By Cian Molloy - 04 May, 2019
The persecution of Christians in some parts of the world is close to meeting the international definition of genocide, says the Anglican Bishop of Truro in an interim report prepared for the British Foreign and Commonwealth Office.
After attending church last Christmas Day, the UK’s Foreign Secretary James Hunt commissioned Bishop Philip Mounstephen to conduct an independent global review of anti-Christian persecution and to make recommendations on how British government foreign policy might address the problem.
“Initially, the aim was to conclude the review by Easter 2019,” said the Bishop in the introduction to his report. “However, it rapidly became apparent that the scale and nature of the phenomenon simply required more time. Thus it was agreed that an interim report focusing on the scale and nature of the problem would be produced by the end of April 2019.”
The contents of the document make grim reading, with the Bishop finding “widespread evidence showing that today, Christians constitute the most widely persecuted religion”.
One human rights charity, Open Doors, reckons that there were some 245 million Christians living in 50 different countries who suffer high levels of persecution or worse. Bishop Mountstephen’s report states: “The overwhelming majority, estimated at 80 per cent, of persecuted religious believers are Christians.”
According to Bishop Mounstephen, the main impact of such genocidal acts against Christians is exodus.
“Christianity now faces the possibility of being wiped out in parts of the Middle East where its roots go back furthest. In Palestine, Christian numbers are below 1.5 per cent; in Syria the Christian population has declined from 1.7 million in 2011 to below 450,000 and in Iraq, Christian numbers have slumped from 1.5 million before 2003 to below 120,000 today. Christianity is at risk of disappearing, representing a massive setback for plurality in the region.”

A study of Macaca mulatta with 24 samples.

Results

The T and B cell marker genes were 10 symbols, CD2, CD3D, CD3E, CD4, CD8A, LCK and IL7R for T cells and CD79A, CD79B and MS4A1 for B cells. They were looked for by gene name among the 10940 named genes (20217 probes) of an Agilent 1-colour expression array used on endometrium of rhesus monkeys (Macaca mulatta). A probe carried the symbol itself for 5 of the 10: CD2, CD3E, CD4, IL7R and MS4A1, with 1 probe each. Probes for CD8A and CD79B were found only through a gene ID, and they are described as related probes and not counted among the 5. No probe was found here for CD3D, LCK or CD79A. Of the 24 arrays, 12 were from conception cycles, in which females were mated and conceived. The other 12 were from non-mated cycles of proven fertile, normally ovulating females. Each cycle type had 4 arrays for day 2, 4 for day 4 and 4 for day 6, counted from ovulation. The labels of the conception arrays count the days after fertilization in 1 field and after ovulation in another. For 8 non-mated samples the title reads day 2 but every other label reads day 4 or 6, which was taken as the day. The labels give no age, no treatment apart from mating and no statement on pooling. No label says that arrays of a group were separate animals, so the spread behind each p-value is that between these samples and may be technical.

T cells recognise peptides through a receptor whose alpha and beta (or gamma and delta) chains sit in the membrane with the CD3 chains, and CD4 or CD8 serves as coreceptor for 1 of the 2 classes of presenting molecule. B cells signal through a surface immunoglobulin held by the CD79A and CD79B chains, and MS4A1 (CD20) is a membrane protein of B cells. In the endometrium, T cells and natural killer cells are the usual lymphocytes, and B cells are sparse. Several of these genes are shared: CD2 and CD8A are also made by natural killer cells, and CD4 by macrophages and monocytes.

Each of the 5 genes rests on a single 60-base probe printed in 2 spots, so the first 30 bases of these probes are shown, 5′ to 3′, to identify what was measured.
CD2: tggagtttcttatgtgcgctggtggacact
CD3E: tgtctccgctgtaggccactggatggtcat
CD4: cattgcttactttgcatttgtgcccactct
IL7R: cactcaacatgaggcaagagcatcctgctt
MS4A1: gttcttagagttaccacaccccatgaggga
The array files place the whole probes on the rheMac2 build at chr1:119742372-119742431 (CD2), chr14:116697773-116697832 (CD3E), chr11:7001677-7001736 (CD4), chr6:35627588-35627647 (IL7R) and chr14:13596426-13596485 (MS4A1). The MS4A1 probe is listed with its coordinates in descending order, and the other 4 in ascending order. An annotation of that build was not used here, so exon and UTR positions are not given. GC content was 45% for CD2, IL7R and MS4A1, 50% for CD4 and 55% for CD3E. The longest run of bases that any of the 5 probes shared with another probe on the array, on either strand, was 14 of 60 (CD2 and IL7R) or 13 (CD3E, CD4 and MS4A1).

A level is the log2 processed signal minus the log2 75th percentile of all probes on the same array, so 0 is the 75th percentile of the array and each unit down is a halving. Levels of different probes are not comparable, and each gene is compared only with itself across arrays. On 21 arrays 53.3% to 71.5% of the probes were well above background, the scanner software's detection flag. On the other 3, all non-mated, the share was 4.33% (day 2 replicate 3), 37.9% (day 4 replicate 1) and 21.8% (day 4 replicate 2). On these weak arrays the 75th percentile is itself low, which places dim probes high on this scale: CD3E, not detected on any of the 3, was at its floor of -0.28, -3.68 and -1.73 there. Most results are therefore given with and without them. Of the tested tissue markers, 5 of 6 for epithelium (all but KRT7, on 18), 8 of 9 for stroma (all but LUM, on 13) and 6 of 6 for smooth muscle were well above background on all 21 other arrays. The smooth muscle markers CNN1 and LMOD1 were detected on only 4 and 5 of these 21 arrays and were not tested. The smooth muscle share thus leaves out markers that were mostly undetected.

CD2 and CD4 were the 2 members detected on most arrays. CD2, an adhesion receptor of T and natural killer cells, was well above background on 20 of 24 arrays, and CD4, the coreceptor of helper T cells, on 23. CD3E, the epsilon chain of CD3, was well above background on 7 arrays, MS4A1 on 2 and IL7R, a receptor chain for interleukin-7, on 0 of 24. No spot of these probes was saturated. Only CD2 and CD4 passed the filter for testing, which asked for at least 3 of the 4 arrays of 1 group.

The interim report pays particular attention to the Middle East and North Africa (MENA) region, where a century ago Christians comprised a fifth of the population, but now make up less than 4 per cent. In Palestine, the main reason the local Christian population have left their homeland is because of the Arab–Israeli conflict, with the result that Christians now form only 2 per cent of the population there, where once they comprised 15 per cent.
In the wider MENA region, three critical factors are identified as contributing to the drastic decline in Christian numbers: a series of political failures that have allowed for the rise of religious extremism and the outbreak of civil wars; a growing religious conservative in majority Muslim states such as Turkey and Algeria, which were more secular in outlook; and an overall climate of persecution and discrimination against Christians, with anti-Christian hate speech a growing increasingly prominent in state-controlled media produced in countries such as Iran and Saudi Arabia.
Countries such as Bangladesh, India, Nepal, Pakistan and Sri Lanka have anti-conversion laws that limit the activities of Christian missionaries and that deny the freedom of individuals to convert to a different religion. In Nepal, evangelisation is prohibited by the constitution, and in Pakistan blasphemy laws are used to target non-Muslims and non-mainstream Muslims.
The interim report was being finalised when the Easter Sunday bomb attacks took place in Sri Lanka. Bishop Mounstephen said “the specific targeting of Catholic and Protestant Christians” is a new development in that country.
“Some of the most egregious persecution of Christians has taken place in sub-Saharan Africa,” says Bishop Mounstephen, who identifies the Islamist militant group Boko Harem as the biggest threat. The group is linked to hundreds of killings of Christians in Nigeria – 3,731 in 2018 alone, 90 per cent of all anti-Christian killings recorded worldwide last year. In north-east Nigeria, in the city of Maiduguri alone, the Catholic Church reckons that a series of massacres by Islamists have created 5,000 widows and 15,000 orphans with some 200 churches and chapels attacked.
Christians are also persecuted and subject to fatal violence in Sudan, Somalia, the Central African Republic and Kenya.
In India, China, North Korea and Laos, Christians are increasingly the victims of growing nationalism in state institutions. Frequently in these countries, Christian communities are not allowed to publicly identify churches as places of worship, and the display of Christian symbols, such as crosses, is forbidden.
The report did contain some good news: “The historic accord between the Grand Imam of Al Azhar and His Holiness Pope Francis in UAE earlier this year and the recent announcement of a change in the law in Bolivia to decriminalise proselytism and so recognise the right to change one’s religion are positive steps forward.”
The Bishop concludes his report to the Foreign and Commonwealth Office by harking back to the role Britain played in eradicating slavery in most parts of the world during the 19th century. He said: “The challenge is to ensure that the freedoms that Britain was in the forefront of creating become a reality for both Christians, and people of all faiths and none, around the world today.”
The final report of the Independent Review is due to be delivered at the end of June this year, in the meantime the interim report can be downloaded online.